Do You Think Women Should Be Paid For Donating Breast Milk?

It's no secret that breast milk is considered the nectar of the gods. After all, it helps keep little ones' immune systems strong and can work wonders for babies who are born premature, which brings us to an important question: should women be paid for donating it?

A recent article in The Atlantic examines whether or not women who donate their breast milk to mothers who can't produce enough (or any milk at all) should be compensated. Make no mistake: that would be a pretty huge deal, given how many women have been turning to milk banks. According to a recent article in The Washington Post:

The percentage of advanced neonatal care hospitals across the country that provide donated breast milk has nearly doubled, from 22 percent in 2011 to nearly 40 percent in 2015, according to an unpublished analysis of data from the Centers for Disease Control and Prevention by Maryanne Tigchelaar Perrin, an assistant professor of nutrition at the University of North Carolina at Greensboro.

The rate was even higher — between 65 and 75 percent — for Level 3 and 4 NICUs that serve the smallest, most fragile premature babies.

The US currently has 18 certified milk banks, and that number is expected to increase. The American Academy of Pediatrics recommends that parents give preemies donor milk over formula. And according to the Mother's Milk Bank in Austin, 20 percent of neonatal deaths could be prevented by breastfeeding in the first hour of life, which means getting their hands on breast milk is a top priority for new mothers who have newborns in the NICU.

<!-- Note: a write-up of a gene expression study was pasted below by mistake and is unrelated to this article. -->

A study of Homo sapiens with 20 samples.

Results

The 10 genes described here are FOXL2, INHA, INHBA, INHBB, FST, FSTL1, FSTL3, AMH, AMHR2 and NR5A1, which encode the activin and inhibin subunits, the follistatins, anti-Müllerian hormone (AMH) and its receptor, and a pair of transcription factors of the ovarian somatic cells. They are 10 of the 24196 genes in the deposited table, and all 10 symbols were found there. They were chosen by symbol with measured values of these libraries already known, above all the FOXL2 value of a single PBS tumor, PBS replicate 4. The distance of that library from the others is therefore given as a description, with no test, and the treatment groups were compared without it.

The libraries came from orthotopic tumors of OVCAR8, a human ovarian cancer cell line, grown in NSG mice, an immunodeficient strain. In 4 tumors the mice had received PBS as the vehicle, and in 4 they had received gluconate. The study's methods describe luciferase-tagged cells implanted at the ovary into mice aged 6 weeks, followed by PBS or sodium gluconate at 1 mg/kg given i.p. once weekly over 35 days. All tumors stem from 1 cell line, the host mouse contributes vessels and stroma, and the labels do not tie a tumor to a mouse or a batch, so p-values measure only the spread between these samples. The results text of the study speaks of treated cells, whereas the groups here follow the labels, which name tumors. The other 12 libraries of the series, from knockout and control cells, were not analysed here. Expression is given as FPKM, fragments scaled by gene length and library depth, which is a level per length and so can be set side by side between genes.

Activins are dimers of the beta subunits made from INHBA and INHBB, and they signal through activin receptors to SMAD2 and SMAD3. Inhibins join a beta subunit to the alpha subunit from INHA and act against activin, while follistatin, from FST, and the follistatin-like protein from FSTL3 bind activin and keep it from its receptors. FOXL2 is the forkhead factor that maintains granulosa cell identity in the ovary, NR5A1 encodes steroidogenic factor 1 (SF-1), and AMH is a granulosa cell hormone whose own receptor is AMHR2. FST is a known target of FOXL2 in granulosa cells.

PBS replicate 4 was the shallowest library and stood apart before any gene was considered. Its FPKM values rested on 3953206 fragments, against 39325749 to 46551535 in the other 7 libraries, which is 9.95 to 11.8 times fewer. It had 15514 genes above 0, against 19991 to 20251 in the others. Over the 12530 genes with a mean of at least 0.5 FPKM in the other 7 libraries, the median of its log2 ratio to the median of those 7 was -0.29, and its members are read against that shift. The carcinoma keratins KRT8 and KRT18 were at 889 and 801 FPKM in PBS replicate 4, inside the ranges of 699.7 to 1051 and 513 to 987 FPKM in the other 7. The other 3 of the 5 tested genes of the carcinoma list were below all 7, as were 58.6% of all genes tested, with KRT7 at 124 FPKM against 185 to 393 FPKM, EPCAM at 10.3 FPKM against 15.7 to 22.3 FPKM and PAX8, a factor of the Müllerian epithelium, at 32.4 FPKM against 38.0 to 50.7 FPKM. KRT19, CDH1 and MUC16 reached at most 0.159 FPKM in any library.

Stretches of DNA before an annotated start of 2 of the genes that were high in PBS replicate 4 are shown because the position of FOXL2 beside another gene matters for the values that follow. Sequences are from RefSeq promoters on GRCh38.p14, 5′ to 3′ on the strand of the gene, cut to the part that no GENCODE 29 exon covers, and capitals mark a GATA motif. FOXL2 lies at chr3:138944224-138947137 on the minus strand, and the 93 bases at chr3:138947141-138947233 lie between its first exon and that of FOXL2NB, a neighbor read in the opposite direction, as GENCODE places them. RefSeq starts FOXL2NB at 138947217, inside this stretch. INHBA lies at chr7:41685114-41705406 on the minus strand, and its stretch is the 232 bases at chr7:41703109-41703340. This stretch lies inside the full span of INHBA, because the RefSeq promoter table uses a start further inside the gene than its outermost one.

So what could that mean for women with surplus milk on hand? Liquid gold. Prolacta Bioscience, a company with the goal of "standardized human milk-based nutritional products for premature infants in the neonatal intensive care unit (NICU)," has already jumped on the trend by paying approved breast milk donors $1 an ounce. And while there are certainly less formal ways to donate your breast milk — like by ringing your friend's doorbell and offering — the FDA warns against feeding babies breast milk from other women without it being properly screened.

We're curious to see if this trend will pick up as more hospitals turn to milk donors in the future. Do you think the donors should be compensated for their generosity?